Is Inflation Good for the Economy?


First of all, inflation is not something that is an unwanted byproduct of the Fed’s plans to boost the economy. Bernanke is actively trying to boost inflation. People were freaking out a few months ago when they realized this, and thought Bernanke had really lost his senses. Instead, I predicted that he was doing exactly the right thing and that rising inflation would be a good thing for the economy and not something that was bound to lower our standard of living so much we could no long afford indoor plumbing. Here’s a bit from a post a few months ago where I backed the Bernanke and, again, predicted inflation would be good for us:

when inflation is low, there’s another reason people don’t spend. Why buy something now when I can buy it a year from now at the same price, or even better maybe at a lower price.  So inflation can been a big driver of consumption, and boosting spending mainly by companies that seem to be sitting mounds of cash is exactly what we need right now.

Well, it turns out that is exactly what is happening, at least according to an article in Thursday’s Wall Street Journal.
Companies contending with rising commodity prices are stockpiling rubber tires, cotton clothing and other goods, a maneuver that is aimed at insulating them from inflation but also could contribute to it.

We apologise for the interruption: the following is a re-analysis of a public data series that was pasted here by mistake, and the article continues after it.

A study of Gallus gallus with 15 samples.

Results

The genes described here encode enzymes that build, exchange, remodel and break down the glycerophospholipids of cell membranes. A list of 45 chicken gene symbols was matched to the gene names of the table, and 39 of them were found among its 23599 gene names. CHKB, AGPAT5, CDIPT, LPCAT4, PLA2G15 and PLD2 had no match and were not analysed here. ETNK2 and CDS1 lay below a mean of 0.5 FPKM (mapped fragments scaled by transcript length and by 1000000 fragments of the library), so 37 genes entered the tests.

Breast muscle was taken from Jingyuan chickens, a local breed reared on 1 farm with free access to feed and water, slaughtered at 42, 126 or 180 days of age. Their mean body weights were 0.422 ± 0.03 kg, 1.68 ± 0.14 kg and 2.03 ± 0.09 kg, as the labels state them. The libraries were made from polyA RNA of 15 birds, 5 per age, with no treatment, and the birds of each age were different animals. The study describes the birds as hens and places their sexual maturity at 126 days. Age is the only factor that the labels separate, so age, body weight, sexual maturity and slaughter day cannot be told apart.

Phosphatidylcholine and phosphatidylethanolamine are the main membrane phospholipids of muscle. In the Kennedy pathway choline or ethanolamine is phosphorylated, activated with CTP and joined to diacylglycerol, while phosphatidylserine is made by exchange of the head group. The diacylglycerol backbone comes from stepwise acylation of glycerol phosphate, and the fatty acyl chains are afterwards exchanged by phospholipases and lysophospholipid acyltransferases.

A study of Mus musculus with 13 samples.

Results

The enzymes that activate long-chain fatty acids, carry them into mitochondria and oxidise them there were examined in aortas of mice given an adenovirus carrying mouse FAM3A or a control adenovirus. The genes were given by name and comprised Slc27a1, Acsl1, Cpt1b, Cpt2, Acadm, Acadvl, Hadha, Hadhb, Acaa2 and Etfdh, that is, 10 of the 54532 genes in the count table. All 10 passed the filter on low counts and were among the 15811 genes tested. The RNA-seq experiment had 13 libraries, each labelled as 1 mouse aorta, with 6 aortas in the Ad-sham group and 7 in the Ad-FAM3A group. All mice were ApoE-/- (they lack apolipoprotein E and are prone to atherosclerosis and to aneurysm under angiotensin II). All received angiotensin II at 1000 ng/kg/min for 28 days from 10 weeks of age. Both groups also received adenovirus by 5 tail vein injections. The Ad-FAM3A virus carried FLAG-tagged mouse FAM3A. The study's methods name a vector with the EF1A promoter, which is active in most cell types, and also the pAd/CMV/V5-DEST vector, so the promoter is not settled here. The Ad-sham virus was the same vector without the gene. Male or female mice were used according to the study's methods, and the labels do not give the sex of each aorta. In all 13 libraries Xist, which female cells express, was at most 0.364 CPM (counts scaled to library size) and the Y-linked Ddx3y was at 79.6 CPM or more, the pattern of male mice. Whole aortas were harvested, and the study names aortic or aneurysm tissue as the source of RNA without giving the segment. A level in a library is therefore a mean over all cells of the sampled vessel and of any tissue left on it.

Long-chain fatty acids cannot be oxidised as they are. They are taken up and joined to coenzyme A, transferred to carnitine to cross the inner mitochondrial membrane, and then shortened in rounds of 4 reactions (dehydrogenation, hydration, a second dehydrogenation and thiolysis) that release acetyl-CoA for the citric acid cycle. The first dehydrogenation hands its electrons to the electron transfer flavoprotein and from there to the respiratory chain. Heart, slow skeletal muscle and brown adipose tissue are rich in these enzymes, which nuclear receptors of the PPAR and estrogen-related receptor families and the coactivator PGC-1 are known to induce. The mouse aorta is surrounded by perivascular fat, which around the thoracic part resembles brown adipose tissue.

The article talks about manufacturers stocking on up raw materials because they are trying to buy now before prices rise further. This might be worrisome news for the economy if those suppliers were only stock piling because of inflation. But that doesn’t seem to be the case either. Inflation is not only causing them to buy more, it is also boosting their sales.
At the same time, McCormick’s grocery-store customers placed about $10 million of orders in last year’s fourth quarter that they would have made this year, in order to get ahead of a 3% price increase, company officials estimate. The company reported a 5.6% increase in sales; without those added purchases, the increase would have been 3.9%.
Of course, the fear here is that this is temporary, and that rising prices eventually causes people to stop buying things. But we are a long way away from that. Right now, much of the inflation that we are seeing is in commodities and raw food prices, and is not causing a rise in much of the finished goods that we buy off the shelves, meaning wheat is rising rapidly, but the price of bread has barely budged. Again, this could be seen as a bad thing, if companies have to pay more for their materials but can’t raise prices. The result will be squeezed profits. But at a time when corporate profits are rising faster than jobs, smaller profits and rising demand sounds like a good thing.